Why Annette’s Caroline Glover doesn’t want her staff to call each other “family.”

Lately, the number one conversation in pro kitchens is labor. It overtly informs nearly everything operators talk about. And whether diners realize it or not, the questions they’re asking—why isn’t anyone serving lunch anymore? what’s with this 22 percent service charge? how long does it really take to get one chicken sandwich?—are all underlined by staffing shortages.

There are a slew of reasons it’s difficult to hire hospitality workers right now (and we’ve reported on several of them). A common refrain is that in good times, restaurants prefer hiring applicants who are both a good cultural fit and have restaurant experience. But the current reality is they can’t, and so are leaning hard on picking workers they believe will be a good fit personality-wise, and training to fill in gaps in experience.

But that raises questions: How does a restaurant define its culture? What do owners managers do to ensure they are hiring the “right fit”? And with calls for diversity and inclusion in staffing growing louder, how does a restaurant ensure it’s not just creating a cultural echo chamber and excluding applicants who may not immediately appear to fit the mold?

I’ve lived my whole life with my phone attached to me, and that’s ridiculous. This is a restaurant, not a hospital.

Caroline Glover, Annette

I never wanted to have the ‘we’re a family’ culture,” says Caroline Glover, chef-owner of Aurora’s Annette, who feels that mentality makes for a toxic workplace. She admits that’s a rarity in the restaurant world, but says when she opened her business, she wanted to ensure her employees had work and home lives that didn’t bleed into each other. “Some of that was selfish,” she says. “It’s easy to say, ‘I’m going to stay here and drink all night,’ but I was done with that lifestyle. I’ve lived my whole life with my phone attached to me, and that’s ridiculous. This is a restaurant, not a hospital. We have people who gravitate towards Annette who have lives outside the restaurant. It brings something special, because people are bringing other things and experiences to Annette.”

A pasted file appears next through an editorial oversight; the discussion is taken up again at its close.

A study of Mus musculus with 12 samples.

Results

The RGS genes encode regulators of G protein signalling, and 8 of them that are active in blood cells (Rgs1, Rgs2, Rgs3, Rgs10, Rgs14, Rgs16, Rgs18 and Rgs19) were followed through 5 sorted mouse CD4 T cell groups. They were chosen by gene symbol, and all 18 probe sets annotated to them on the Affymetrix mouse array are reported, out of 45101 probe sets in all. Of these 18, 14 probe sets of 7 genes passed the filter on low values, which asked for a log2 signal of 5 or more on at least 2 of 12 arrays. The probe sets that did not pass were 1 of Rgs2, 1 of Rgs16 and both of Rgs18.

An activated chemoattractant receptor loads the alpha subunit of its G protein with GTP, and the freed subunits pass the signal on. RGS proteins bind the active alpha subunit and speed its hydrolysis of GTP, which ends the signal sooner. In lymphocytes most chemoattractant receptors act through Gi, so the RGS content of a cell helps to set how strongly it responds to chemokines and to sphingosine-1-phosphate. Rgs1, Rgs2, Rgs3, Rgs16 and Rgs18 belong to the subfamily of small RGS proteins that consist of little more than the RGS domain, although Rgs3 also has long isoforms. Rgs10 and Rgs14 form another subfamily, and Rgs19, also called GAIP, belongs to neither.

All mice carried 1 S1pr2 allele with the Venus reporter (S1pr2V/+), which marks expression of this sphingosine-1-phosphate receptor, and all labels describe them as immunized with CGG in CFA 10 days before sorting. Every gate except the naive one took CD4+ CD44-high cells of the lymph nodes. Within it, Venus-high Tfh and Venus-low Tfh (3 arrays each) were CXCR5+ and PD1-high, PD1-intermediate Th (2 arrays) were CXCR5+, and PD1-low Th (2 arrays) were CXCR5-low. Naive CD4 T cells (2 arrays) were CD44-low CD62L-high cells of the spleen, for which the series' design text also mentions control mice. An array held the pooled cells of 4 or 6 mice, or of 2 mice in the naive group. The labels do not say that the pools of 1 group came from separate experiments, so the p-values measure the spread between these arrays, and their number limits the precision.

Glover credits ditching the traditional tipping system as the primary means of establishing that culture of respectful workplace rather than dysfunctional family (from the day Annette opened in 2017, tips have been pooled between the front and back of house rather than going exclusively to servers). “[Tip pooling] creates a front of house and back of house that get along. That’s a very, very rare feeling to come into a restaurant and not have a part of the staff you automatically dislike. That’s the number one thing people mention about working at Annette.”

Annette / Jonny Marlow

When hiring, says Glover, the vibe of potential applicants is crucial. She’s heavily involved in the interview process, and while some of the questions asked are obvious (“How would you handle this situation?”), some are less so (“What are you into outside of work? Will you still be able to do those things?”). The team is also on the lookout for subtle body language or negative reactions when management explains the division of labor at Annette. “Everyone is required to polish silverware,” Glover notes. “Sometimes when a server has a ton of experience it can be hard for them to make the transition. It’s a reaction of, ‘Oh, I’ve never done that before,’ or ‘That’s not the way we did it at my old restaurant.’ We’ve gotten pretty good at recognizing when someone would be a great server at a more traditional brigade-style restaurant. It’s the same for back of house. If you can’t pivot well and wash dishes, if you’re super-ingrained in your ways, we might not be the best fit for you.”

If they make it through the interview, prospective front- and back-of-house employees do a short stage; “to me,” says Glover, “it’s more for them now to see we’re super busy, and this is what it’s going to feel like after a couple hours times six.”

So when you’re hiring for a vibe, how do you make sure you don’t end up with employees who aren’t carbon copies? Glover says the a high-end Annette’s location alone means a different pool of applicants than many central Denver dining rooms: “We get a more diverse group [of employees]. It’s getting less affordable in the city, so people are moving out to Aurora. Our location changes up applicants a bit more than you would see at Tavernetta [in Union Station].”

She also notes her business get a fair amount of applicants from workers who don’t necessarily have a hospitality background. There industry folks coming in from different restaurant groups, but she also points to employees who have come from backgrounds as varied as IT and construction. “It ebbs and flows, and changes from season to season,” she confirms. “Six months ago we had a crew that spent a lot of time together and now we’re in a place where people are moving here from different cities and don’t spend a lot of time together. As long as we promote a healthy work-life balance, our location keeps it interesting.”

Talk to us! Email your experiences (and thoughts, opinions, and questions—anything, really) to askus@diningout.com.